The word diwali comes from a Sanskrit word dipavali (or deepavali), literally meaning “row of clay lamps.” Diwali is the Festival of Lights, celebrated in India, Fiji, Malaysia, Nepal, Singapore, and other Eastern nations. The festival is the biggest and most important festival in Hinduism, but it is also observed by Buddhists, Sikhs, and Jains. Diwali occurs on the night of the new moon during the month of Kartika, according to the Hindu lunisolar calendar. It falls between mid-October and mid-November on the Gregorian calendar. The festival signifies a triumph of light over darkness, knowledge over ignorance, and good over evil.
Worship of the goddess Lakshmi—the goddess of fertility and wealth—is common during the Diwali festival season. People also decorate and clean their homes, buy gifts for their family members and friends, share sweets, and place lights on their rooftops and around their homes. Many people open their doors as an invitation to Lakshmi to enter their houses. Women often create beautiful patterns on their floors and walkways in preparation for Diwali, and on Diwali night fireworks are set off. Children listen to legends about goodness triumphing over evil and hope triumphing over despair.
The spiritual significance of Diwali is rooted in the Atman, which is the Hindu concept of that which is beyond the physical body and mind, the pure and immortal aspect of all that exists. Atman is the light of higher knowledge that dispels ignorance and awakes compassion and unity, and it is something that Hindus and Buddhists strive to achieve. Though, cross-culturally, there are many different interpretations of the Atman and differing practices associated with this belief, the main idea is the same: the triumph of inner light over inner darkness.
The Diwali festival shows the universal desire for goodness to triumph over evil and for knowledge to extinguish ignorance. However, the false gods of Hinduism are not the source of goodness and light. Lakshmi is a false goddess; Vishnu and Krishna are not the heroes they are portrayed to be. We cannot find enlightenment by looking within the Self.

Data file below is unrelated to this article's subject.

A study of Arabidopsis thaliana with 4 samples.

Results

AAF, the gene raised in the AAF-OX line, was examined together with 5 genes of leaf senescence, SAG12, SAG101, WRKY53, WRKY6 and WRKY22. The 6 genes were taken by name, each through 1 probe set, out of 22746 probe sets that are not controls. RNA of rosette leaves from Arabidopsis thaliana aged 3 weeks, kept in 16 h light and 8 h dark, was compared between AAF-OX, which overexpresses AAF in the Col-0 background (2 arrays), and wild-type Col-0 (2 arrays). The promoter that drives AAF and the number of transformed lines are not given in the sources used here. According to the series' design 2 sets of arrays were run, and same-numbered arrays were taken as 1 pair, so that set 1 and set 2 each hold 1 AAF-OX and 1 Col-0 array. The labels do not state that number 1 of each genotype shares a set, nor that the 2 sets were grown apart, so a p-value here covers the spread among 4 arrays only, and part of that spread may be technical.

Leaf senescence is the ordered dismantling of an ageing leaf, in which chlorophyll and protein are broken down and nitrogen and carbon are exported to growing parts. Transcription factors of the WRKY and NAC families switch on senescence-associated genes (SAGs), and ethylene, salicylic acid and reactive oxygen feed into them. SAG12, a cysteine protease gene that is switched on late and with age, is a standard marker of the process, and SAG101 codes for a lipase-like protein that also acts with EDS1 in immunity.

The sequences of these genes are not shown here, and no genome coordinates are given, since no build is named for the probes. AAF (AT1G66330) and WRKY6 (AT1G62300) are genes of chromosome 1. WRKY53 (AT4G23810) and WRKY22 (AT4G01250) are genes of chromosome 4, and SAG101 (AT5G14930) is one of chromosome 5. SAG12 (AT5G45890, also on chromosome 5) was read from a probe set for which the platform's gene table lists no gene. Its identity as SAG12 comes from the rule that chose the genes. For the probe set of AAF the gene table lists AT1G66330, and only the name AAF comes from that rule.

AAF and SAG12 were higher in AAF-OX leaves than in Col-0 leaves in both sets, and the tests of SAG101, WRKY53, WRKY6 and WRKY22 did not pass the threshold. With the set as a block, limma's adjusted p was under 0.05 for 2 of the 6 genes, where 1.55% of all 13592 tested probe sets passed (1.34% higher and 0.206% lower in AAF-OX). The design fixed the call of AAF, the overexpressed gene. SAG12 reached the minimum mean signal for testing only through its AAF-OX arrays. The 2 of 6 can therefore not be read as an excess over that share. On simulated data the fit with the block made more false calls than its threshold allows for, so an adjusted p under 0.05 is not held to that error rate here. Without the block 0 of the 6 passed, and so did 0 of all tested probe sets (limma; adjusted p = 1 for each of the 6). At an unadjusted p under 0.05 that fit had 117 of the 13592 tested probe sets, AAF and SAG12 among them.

The Bible says that Jesus Christ is the Truth (John 14:6). “In him was life, and that life was the light of all mankind” (John 1:4). Jesus warns that there is a “light” that is actually darkness (Matthew 6:23) and admonishes us to take care: “See to it, then, that the light within you is not darkness” (Luke 11:35). In the Garden of Eden, the serpent came with a lie and proffered knowledge (Genesis 3:4–5), and he deceived Eve into disobeying God, who is the true source of light. “Satan himself masquerades as an angel of light” (2 Corinthians 11:14). The point is that good things are often used by evil spirits to deceive well-meaning people. Light and hope and knowledge are wonderful things—things God wants us to have. But Diwali represents a search for those things in the wrong place.
Those who follow Jesus will be like the blind man in John 9 whose eyes were opened. He had lived in the dark, but now he lives in the light. When the Diwali festival ends, the lights go out, and people resume their lives, but Jesus Christ offers a continual light in the soul that is never extinguished. “The light shines in the darkness, and the darkness has not overcome it” (John 1:5).